A new (June 5) Media Advisory from the Long Term Care Community Coalition provides the following information: “Despite the Food and Drug Administration’s ‘black box’ warnings against using antipsychotics on elderly patients, they are frequently used to treat the so-called behavioral and psychological symptoms of dementia.”

Below is the complete text of the Advisory (shared by Dalli & Marino, LLP with permission from the LTCCC). It can also be downloaded from the LTCCC website at: http://nursinghome411.org/ltccc-news-alert-june-5-2018/.

Please contact Dalli & Marino, LLP with any questions at 1-888-465-8790 [Toll-Free], or by completing the CASE EVALUATION Form on our Contact Page.


Despite Industry’s Claims of “Success,” Approx. 20% of Residents STILL Receiving Powerful, Potentially Lethal Drugs

 

New York, NY, June 5, 2018— The inappropriate antipsychotic drugging of nursing home residents, particularly those with dementia, is a widespread, national problem. Despite the Food and Drug Administration’s ‘black box’ warnings against using antipsychotics on elderly patients, they are frequently used to treat the so-called behavioral and psychological symptoms of dementia.

These and other psychotropic drugs are too often used as a form of chemical restraint, sedating residents so that not only their behaviors but also the underlying causes for those behaviors do not have to be addressed by staff. In addition to destroying social and emotional well-being, these drugs greatly increase risks of stroke, heart attack, diabetes, Parkinsonism, and falls. They are not clinically indicated for dementia-related psychosis. They are associated with a significant increase in death when given to elderly people with dementia.

Today, we are announcing the release of the Latest Drugging Rates for Every US Nursing Home. These data indicate that approximately 20% of residents – over 250,000 vulnerable residents – are being administered powerful antipsychotic drugs in our nursing homes today. Only 2% of the population will ever have a diagnosis for a condition which the government uses when it risk-adjusts for potentially appropriate use. “Too many residents and families are not even made aware of the dangerous potential side-effects of these drugs, or the fact that they are not clinically indicated for so-called dementia “behaviors,” said Richard Mollot, LTCCC’s executive director.

In addition to data on nursing home drugging rates, LTCCC’s website, www.nursinghome411.org, has a range of information and resources for consumers and the public, including:

  • Issue Alert on Antipsychotic Drugs: This alert explains how and why this is a significant issue for so many nursing home residents. It includes a case study of a citation for inappropriate antipsychotic drugging.
  • Dementia Care Advocacy Toolkit: Free resources to help families, and those who work with them, know their rights and advocate for less drugging and better care for their residents with dementia.

Please see our new timeline, below, on antipsychotic drugging in America’s nursing homes.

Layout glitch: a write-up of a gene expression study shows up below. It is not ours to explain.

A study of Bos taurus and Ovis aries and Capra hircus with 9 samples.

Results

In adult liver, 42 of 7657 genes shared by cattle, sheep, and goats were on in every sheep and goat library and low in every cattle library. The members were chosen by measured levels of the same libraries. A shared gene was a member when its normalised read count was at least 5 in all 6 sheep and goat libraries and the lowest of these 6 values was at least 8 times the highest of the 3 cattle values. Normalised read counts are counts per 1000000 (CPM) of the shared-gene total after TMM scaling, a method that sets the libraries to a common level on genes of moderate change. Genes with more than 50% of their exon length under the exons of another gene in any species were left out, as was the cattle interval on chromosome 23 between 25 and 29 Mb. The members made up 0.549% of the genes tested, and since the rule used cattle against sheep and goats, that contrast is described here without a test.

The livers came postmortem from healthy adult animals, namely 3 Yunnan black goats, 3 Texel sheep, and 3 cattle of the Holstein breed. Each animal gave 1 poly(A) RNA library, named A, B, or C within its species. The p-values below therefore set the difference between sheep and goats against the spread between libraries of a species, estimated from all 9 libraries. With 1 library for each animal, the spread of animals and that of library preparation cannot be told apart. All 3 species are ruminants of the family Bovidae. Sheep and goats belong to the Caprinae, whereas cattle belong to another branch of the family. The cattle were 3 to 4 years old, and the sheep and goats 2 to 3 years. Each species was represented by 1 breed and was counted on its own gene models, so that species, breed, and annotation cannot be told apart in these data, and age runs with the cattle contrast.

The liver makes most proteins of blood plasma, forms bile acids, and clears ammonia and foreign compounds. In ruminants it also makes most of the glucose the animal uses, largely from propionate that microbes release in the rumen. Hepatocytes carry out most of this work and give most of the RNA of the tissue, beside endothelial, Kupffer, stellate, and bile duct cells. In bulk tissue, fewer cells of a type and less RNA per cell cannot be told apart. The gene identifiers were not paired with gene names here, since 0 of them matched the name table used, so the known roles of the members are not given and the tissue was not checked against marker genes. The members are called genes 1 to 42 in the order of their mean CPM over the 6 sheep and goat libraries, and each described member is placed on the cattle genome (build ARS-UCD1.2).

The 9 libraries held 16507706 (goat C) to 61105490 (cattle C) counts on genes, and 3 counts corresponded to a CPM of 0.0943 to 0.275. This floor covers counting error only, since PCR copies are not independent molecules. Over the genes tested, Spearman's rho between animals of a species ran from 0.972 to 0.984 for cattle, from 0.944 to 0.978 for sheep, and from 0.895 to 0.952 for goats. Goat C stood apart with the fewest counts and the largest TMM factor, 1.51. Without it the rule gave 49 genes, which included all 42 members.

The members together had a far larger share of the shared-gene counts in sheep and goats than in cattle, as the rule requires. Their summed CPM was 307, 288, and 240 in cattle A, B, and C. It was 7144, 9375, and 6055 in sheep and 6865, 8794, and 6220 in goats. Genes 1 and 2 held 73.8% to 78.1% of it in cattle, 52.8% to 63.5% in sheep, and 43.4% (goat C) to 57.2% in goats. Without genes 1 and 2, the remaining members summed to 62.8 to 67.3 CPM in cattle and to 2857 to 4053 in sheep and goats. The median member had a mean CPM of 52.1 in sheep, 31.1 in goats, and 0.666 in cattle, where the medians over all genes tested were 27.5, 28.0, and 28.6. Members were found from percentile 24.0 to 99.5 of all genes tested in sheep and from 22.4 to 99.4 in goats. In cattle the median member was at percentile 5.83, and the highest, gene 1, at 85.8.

Timeline on Antipsychotic Drugging in America’s Nursing Homes: 1987 – 2018

Why This Is An Important Issue & How Both Government And The Nursing Home Industry Have Failed Nursing Home Residents, Their Families, And US Taxpayers

1987: Nursing Home Reform Law prohibits inappropriate drugging and use of chemical restraints.

2005: FDA Issues “Black-Box Warning” on serious risks of atypical antipsychotic drugs for elderly patients with dementia.

2011: US HHS Inspector General Levinson states:

(1) “Government, taxpayers, nursing home residents, as well as their families and caregivers should be outraged” by the “overmedication” of nursing home residents.

(2) “A little more than half of the antipsychotic drug claims for which Medicare paid should not have been covered because the claimed drugs were not used for medically accepted indications or not documented as provided to patients.” [Emphases added.]

2012: CMS (US Centers for Medicare & Medicaid Services) launches “National Partnership” campaign to tackle inappropriate drugging. Nursing home industry commits to campaign’s initial, “modest” goal to reduce drugging by 15% over next 10 months.

2014: CMS and nursing home lobbyists announce that self-described “modest” 10 month goal has been accomplished after 22 months. They state that campaign has been a “success.”

LTCCC study finds: (1) “three years after the US OIG’s alarming report, almost 300,000 nursing home residents are being given antipsychotics…” and (2) “80,000 residents are being given these drugs today, at great personal and financial cost, simply because CMS and the industry failed to achieve and sustain their initial goal.” [Emphasis added.]

2018: Widespread antipsychotic drugging continues, at considerable human and financial cost:

(1) Human Rights Watch releases Abuse of Antipsychotics in Nursing Homes: The Human Tragedy.

(2) Nursing home industry lobbyists at the American Health Care Association tell policymakers and the public that the effort to reduce unnecessary drugging has been a “success.”

(3) LTCCC’s analysis of federal data indicates that approximately 20% of nursing home resident – over 250,000 individuals – are still being given antipsychotic drugs. Less than 2% of the population will ever have a condition for which CMS risk-adjusts for potentially appropriate antipsychotic drugging.

Long Term Care Community Coalition
www.nursinghome411.org
One Penn Plaza, Suite 6252
New York, NY 10119
United States


Please contact Dalli & Marino, LLP with any questions at 1-888-465-8790 [Toll-Free], or by completing the CASE EVALUATION Form on our Contact Page.